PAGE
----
Students go outdoors to learn about natural resources at forestry tour

Este contenido ha sido traducido automáticamente. El servicio de Extensión de Oregon State University (OSU) no garantiza la exactitud del texto traducido. Consulte la versión original en inglés para confirmar la información.

GLIDE, Ore. – Under the roof of an outdoor classroom in the Glide Educational Forest, North Douglas Elementary School fifth graders learned about how wildfires start and how they are extinguished.

The students, attending the annual Douglas County School Forestry Tour organized by the Oregon State University Extension Service, crowded around a model of a ridge and a valley floor that was covered with wood shavings.

“You have your fuel. You have your heat, which can be from lightning, it could be a spark from someone dragging chains on a trailer, it could be from a campfire, and it will start a fire,” said Justin Grubbs, an advanced forest officer with the Douglas Forest Protective Association.

And then Grubbs did just that, using a lighter to ignite a small amount of flammable fluid he had sprayed on the shavings.

The children reacted to the flames with oohs and aahs.

“Our goal is to get rid of all that fuel,” Grubbs said, using a Hot Wheel-sized bulldozer to simulate a firebreak by clearing a path around fire.

“Basically, you trap it,’ he said. “And it will stop it.”

Minutes later, after correctly answering that water is needed to put the fire out, the North Douglas group walked from the fire management station to the fisheries station, where they learned about the species of fish that are found in Oregon.

This scene was repeated throughout the morning as hundreds of fifth grade students learned about a variety of forest-related topics.

“The education in the woods is very unique, as we have stations built into the forest,” said OSU Extension forester Alicia Christiansen, adding that she’s using grants and private donations to rebuild the stations – most of which are decades old.

“Phase 1 has begun and It’s going to be a long and expensive process, but it adds a fun element to this historical event,” she said.

Generations of Douglas County elementary school students have attended the annual event, which has been held at the Glide Educational Forest for 61 years. In the beginning it was known as “The Forestry Expo.”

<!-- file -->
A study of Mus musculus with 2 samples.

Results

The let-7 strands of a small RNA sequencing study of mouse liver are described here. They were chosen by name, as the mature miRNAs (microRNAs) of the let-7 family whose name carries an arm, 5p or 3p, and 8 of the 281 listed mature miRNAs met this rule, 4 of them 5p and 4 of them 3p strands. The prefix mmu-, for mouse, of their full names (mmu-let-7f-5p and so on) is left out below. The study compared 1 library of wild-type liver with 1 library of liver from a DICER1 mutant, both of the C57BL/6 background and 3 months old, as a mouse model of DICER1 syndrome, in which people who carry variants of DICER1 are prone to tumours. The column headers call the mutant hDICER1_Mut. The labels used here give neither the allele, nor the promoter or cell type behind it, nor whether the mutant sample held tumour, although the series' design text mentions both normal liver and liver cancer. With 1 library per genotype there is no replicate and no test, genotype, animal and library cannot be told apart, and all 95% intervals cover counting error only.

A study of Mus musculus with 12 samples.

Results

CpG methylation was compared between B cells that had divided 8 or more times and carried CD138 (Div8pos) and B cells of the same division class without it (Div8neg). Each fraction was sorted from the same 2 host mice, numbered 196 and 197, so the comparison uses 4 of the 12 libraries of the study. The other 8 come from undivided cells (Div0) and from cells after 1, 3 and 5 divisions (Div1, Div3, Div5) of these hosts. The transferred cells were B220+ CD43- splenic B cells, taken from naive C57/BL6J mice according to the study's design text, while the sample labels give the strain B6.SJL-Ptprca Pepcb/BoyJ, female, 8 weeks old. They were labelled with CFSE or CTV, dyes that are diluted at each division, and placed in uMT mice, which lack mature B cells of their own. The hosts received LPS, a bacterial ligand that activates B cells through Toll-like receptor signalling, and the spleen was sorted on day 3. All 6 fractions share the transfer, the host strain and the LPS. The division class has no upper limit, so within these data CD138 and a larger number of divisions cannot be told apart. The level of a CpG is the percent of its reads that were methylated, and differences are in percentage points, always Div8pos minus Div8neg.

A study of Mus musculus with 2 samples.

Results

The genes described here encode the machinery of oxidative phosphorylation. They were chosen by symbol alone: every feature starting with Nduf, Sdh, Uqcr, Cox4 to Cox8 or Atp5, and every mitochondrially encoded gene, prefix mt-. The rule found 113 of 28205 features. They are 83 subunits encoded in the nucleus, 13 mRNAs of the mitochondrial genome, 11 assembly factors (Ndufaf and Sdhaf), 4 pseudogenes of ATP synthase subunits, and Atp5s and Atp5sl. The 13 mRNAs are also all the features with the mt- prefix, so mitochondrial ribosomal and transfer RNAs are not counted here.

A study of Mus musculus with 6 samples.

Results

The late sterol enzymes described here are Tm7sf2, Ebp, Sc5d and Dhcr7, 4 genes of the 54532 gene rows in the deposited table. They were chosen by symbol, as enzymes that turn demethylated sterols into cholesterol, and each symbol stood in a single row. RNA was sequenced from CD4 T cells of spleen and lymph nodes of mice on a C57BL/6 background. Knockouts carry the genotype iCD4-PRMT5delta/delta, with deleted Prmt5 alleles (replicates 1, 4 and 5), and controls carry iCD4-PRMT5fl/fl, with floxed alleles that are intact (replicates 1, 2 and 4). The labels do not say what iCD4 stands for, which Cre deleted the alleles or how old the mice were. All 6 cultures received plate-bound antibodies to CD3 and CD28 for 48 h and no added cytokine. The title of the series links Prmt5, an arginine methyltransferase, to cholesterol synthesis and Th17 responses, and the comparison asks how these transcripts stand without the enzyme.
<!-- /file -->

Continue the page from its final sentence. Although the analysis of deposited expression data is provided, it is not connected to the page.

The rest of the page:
The event requires six months of planning, Christiansen said.

'Deep roots' in Douglas County

More than 50 adult volunteers take part in the three-day event. This year two dozen public, private, Montessori and home-based schools signed up for the tour, with 830 students attending.

Tour instructors are recruited from federal, state and local resource management agencies as well as tribes, nonprofit organizations and private timber companies.

“This is the longest-running forestry and natural resources educational event in Douglas County,” said Christiansen, who has been with Extension for eight years. “The forestry industry has deep roots in Douglas County. Roseburg calls itself the Timber Capital of the Nation. We have mills, private companies, agencies and nonprofits that are all connected with maintaining and sustaining our forest resources.”

Each morning, groups of students rotate among seven learning stations on two circuits: the “Yellow Loop” and the “Green Loop.” Classes are assigned to a loop and rotate through the stations to learn about forest resource management topics from resource professionals. Station topics this year were:

  • Forest management
  • Fire management
  • Fisheries
  • Tree identification
  • Archaeology
  • Wildlife
  • Forest products

After lunch, the students participate in traditional logging sports games. In the cross-cut saw activity, pairs of kids work on each side of the saw to cut through a log while an adult supervises and offers guidance and encouragement. They get to take home the piece they cut off – a “wood cookie.”

Another game that teaches students teamwork is choker racing, where a pair of kids set a miniature choker cable on a small log and in tandem drag it across a gravel lot to a finish line.

Planting seedlings

In 2022, Christiansen received a grant from the Society of American Foresters to partner on a design for a new activity that teaches students how to plant and care for native seedlings. After learning hands-on about the process, students take home Douglas-fir seedlings to plant with their families, as well as an instruction card with information about the state tree and Oregon’s forests.

“Many of our county’s students live on forestland,” Christiansen said. “The kids get to practice planting a tree and then they get to go home with a seedling that they can plant at their house or share with a friend and hopefully, share some of their new forestry knowledge along the way.”

¿Fue útil esta página?

Contenido relacionado de El servicio de Extensión

¿Tienes una pregunta? Pregúntale a Extensión

“Pregúntale a Extensión” es una forma de obtener respuestas del Servicio de Extensión de Oregon State University. Contamos con expertos en familia y salud, desarrollo comunitario, alimentación y agricultura, temas costeros, silvicultura, programas para jóvenes y jardinería.